Revolutionizing business models for the Third Platform


An Application Boost For The New IP


Before moving a customer’s VM for the purpose of server consolidation, a service provider must consider the terms of the contract. Customers might be concerned about sharing physical server space with a competitor, or might not want to share a server under any circumstances. Or they might have an SLA that requires servers to have specified levels of spare capacity. So how does one reconcile the desire to reduce energy costs via server consolidation with customer requirements?

Traditionally, policies have been employed to manage the requirements of VM placement. But service providers are now finding that existing policy frameworks are falling short due to the large and dynamic requirements of cloud environments. Add the latest challenge of rapidly proliferating NFV devices, and the policy management reality scale tips with requirements to express policies with a multitude of additional requirements, such as energy usage constraints.

Automating constraint-based VM placement

Fortunately, the trend toward software-driven, programmable networks is enabling new levels of automation, and that automation is now being enhanced with policy frameworks.

Policy frameworks now under development by the OpenStack Congress project and the OpenDaylight Network Intent Composition (NIC) project will enable the automation of policy enforcement and the development of solutions to better manage resources. Those solutions include server energy consumption through VM consolidation under the constraints of policies that target overall data center energy conservation.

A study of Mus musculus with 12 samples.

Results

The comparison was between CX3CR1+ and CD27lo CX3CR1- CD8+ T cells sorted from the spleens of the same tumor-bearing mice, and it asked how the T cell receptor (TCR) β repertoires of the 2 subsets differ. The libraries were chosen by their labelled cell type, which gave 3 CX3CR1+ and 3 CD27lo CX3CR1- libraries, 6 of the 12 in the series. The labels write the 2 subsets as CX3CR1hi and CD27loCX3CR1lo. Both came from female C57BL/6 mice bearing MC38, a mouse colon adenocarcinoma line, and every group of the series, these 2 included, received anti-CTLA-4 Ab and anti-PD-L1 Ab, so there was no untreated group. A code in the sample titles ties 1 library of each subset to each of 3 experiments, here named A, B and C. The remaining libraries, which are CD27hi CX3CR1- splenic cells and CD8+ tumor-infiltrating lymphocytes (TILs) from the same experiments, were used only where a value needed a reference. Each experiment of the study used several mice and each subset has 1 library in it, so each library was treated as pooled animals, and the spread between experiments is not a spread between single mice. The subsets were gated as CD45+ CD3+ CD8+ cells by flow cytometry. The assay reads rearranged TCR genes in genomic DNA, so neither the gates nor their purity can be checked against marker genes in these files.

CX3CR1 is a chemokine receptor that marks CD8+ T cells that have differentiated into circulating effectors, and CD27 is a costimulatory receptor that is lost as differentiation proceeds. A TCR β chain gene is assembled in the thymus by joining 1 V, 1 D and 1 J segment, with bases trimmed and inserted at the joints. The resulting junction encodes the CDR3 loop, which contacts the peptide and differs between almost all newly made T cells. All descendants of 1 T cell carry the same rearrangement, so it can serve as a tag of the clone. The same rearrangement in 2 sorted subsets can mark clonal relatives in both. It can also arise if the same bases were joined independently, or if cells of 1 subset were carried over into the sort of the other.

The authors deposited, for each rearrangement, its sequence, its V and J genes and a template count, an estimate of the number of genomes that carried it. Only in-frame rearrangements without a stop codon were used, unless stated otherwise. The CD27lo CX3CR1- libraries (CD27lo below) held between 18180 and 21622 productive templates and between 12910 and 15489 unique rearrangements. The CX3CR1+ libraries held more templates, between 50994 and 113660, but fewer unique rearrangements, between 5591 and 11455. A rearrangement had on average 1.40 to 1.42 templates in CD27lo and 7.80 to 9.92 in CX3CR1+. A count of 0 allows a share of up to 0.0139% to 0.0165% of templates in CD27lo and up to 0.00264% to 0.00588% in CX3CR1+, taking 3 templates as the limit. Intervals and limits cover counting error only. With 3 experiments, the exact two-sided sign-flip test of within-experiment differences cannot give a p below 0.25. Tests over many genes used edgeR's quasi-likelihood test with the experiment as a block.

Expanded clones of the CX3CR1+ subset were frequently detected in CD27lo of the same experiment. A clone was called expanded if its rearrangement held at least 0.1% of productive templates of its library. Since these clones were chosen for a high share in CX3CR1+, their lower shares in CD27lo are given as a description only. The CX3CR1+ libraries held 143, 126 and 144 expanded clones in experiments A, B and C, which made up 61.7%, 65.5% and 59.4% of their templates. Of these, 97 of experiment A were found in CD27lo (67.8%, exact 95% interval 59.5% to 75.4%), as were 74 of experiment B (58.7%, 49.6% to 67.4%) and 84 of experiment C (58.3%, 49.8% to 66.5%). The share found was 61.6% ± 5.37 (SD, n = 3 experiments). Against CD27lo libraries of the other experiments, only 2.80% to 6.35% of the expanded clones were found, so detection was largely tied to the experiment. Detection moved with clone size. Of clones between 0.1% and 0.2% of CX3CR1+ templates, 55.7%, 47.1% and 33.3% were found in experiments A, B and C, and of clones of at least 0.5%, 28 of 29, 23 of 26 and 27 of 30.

Brocade is fully committed to software-driven, standards-based solutions that allow network administrators to take full advantage of automation. Products such as the Brocade 5600 vRouter and Brocade SDN Controller, a quality-assured edition of the OpenDaylight controller, demonstrate Brocade’s commitment and leadership in this area.

Constraint-based VM placement is a powerful and practical example of the potential of the combination of policy-base resource optimization and software-driven networks for which Brocade will continue developing network infrastructure products.